Fuel trucks, cargo trucks and buses zip north along Highway One toward Kabul, just like any other morning. They seem not to notice what's above them on a vast desert plateau that overlooks the highway in Zabul province in southern Afghanistan.
Dozens of soldiers and police mill about, awaiting orders. There are armored vehicles, towed artillery, an ambulance and a long line of Humvees. Each one has a massive Afghan flag snapping in the breeze, like banners from some ancient army.
The man in charge is Brig. Gen. Akram Samme. He struts among the troops, smiling and chugging a can of Red Bull. Then he turns toward Highway One, fingers his prayer beads and peers below at his objective: the village of Tazir Abad, a Taliban stronghold that lies across the highway.
Samme slides down a rocky embankment, crosses the highway and trudges down into the brush, pointing to a deep ravine that runs parallel to the highway: a perfect place for Taliban to hide.
The general smiles and gestures toward his troops across the highway. They're shooting at suspected Taliban in the village and the parched hills beyond. They press on, crossing a small stream and rising toward an open plain.
This is just a small part of a larger Afghan effort called Operation Rescue. It's one of the first large-scale combat operations planned, organized and fought by Afghan forces.
Afghans are now in charge of fighting the Taliban — with no Americans in sight — and compared to just two short years ago, they're doing well: They are relatively well-equipped, organized and led. They look like a professional army and are eager to go out and take on the Taliban.
It's a far cry from just a few years ago, when Americans were in the lead. Then, for instance, American soldiers would turn up for dawn patrols in full combat gear, ready to go — and the Afghans would be sleepy, half-dressed and sometimes smelling of hashish.
Now, Samme's exclusively Afghan troops, joined this day by local police, are fanning out into a village that is the site of some suspicious targets.
The soldiers push open a metal door and surge into a compound. Children scatter about. Several women cover themselves in shawls, huddle together and squat by a wall.
A policeman digs through a pile of hay looking for weapons. A middle-aged man with a turban and thick black beard walks up. His name is Haji Abdul Bari.
"No one is happy with the war," he says. "Look at my children over there on the ground. Do you think they are happy when the bullets are passing over them? Can you hear them shooting? No one is happy with the war."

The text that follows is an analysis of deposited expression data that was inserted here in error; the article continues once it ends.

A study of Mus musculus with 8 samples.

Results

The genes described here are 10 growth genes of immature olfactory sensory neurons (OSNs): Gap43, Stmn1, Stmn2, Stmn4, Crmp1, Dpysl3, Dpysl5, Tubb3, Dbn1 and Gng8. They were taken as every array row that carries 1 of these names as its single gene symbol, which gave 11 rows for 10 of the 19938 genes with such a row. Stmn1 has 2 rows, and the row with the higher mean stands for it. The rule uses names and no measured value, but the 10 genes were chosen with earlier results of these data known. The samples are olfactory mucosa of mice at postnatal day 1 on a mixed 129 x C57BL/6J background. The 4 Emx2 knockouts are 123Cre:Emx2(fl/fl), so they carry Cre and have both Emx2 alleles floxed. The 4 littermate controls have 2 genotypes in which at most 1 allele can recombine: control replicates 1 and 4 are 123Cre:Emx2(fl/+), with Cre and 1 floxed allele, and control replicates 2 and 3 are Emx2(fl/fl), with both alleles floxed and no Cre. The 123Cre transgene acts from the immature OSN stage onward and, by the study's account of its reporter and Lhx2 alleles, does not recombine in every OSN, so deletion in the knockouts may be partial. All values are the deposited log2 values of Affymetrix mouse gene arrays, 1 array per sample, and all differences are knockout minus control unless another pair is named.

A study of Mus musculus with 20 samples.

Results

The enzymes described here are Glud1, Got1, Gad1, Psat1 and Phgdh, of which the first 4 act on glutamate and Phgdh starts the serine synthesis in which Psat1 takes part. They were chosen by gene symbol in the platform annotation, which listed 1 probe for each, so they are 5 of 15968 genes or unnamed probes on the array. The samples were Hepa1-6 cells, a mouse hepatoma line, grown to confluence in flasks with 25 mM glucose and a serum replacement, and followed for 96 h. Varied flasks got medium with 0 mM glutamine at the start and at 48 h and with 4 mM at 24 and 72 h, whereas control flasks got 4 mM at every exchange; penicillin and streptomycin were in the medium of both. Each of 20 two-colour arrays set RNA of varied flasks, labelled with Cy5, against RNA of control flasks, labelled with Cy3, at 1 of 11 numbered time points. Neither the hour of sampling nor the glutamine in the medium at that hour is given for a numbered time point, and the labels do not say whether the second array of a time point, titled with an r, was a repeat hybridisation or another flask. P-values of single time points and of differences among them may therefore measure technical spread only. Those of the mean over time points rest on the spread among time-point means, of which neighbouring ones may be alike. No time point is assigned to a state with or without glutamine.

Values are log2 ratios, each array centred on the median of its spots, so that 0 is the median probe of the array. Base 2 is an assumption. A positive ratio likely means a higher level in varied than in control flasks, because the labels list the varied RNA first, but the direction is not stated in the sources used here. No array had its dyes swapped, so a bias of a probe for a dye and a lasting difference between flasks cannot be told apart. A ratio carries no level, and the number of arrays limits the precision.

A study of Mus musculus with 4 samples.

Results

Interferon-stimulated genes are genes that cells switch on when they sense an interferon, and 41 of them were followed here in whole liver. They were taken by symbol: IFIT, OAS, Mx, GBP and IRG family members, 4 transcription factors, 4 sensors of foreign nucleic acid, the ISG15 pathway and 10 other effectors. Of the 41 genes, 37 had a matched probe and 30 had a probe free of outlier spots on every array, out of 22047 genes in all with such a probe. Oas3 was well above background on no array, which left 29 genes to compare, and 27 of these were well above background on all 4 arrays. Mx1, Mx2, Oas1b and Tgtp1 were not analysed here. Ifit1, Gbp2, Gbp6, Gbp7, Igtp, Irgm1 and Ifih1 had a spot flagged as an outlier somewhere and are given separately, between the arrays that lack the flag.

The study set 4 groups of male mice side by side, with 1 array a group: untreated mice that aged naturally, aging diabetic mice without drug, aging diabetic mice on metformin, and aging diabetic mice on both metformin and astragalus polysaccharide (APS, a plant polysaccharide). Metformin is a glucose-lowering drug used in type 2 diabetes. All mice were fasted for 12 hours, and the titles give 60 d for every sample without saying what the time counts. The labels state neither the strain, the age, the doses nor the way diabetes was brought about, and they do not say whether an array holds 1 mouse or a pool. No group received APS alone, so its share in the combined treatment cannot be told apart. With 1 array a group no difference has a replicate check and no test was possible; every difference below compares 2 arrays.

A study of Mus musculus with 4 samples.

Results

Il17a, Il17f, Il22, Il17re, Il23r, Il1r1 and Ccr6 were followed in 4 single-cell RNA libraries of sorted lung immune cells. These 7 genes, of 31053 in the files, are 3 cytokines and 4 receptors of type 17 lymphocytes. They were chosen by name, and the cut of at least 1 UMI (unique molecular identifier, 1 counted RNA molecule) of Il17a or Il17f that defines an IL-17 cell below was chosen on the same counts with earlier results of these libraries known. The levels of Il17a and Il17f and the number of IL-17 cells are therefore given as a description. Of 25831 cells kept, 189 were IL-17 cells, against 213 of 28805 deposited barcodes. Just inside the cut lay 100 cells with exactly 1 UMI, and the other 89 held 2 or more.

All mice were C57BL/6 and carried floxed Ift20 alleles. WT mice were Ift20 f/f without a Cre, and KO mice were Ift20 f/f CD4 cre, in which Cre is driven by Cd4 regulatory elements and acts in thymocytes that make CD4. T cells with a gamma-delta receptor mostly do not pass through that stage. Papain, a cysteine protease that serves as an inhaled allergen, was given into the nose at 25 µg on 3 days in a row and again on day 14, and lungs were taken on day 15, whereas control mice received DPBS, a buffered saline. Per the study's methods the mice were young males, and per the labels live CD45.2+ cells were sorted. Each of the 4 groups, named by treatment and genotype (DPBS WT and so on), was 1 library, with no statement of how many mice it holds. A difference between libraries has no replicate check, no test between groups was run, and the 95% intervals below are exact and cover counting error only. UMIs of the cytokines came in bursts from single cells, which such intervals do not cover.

He says the Taliban come into the village at night, looking for food and water. They meet in the mosque, and when day breaks, they slip back into the hills.
At least, he adds, his village is more secure because it's near an army outpost.
The police push aside a blanket hanging from his doorway and stream into his house, pulling up carpets, opening doors and cabinets. Abdul Bari stands by and slightly shakes his head. When the police leave, he tells a different story.
"Look, being near the [army] post, it has two sides. One is safety, of course. The other is a problem," he says.
Abdul Bari says he has a cow tied in his garden. But he's afraid every time he tends to it. That's because the soldiers watching from the army outpost have mistaken him for a Taliban fighter planting a bomb.
His neighbors have actually come under fire, though no one has been hurt. He prefers the government to the Taliban, he says, but the local government isn't making his life easier. There are no police patrolling the village.
His eyes fill with tears.
"Both of the sides, leave us. Leave us!" he says. "We want to be at peace."
Afghan military officers agree that local government has failed. They say the provincial governor is weak and doesn't provide basic services. And the district governor — something akin to a mayor or county council chairman — is nowhere to be seen. He lives in Kandahar, two hours away.
The soldiers move on, searching a few more houses. They find nothing — no Taliban, no weapons.
As the soldiers head back through the fields, artillery continues to pound the Taliban in the hills. They cross the river, and climb the windy hill to their armored vehicles.
Back at the army outpost above the village, Samme, the Afghan general, settles in his office, just a large open room with a white plastic table.
I ask him about what the villager said, about a lack of help from the government. Samme agrees that his military operation can only achieve so much.
"When we go in and disturb people's homes, it disrupts their lives," he says.
"It is not the military's job to govern," he continues. "The provincial government needs to provide services and hire more police."
Without better government, Samme says, we'll be conducting the same operation over and over.
Both Americans and Afghans agree that the government is still not addressing the basic needs of its citizens — things like police, schools, electricity and clean water. And the risk is that this frustration and anger could still fuel support for the Taliban.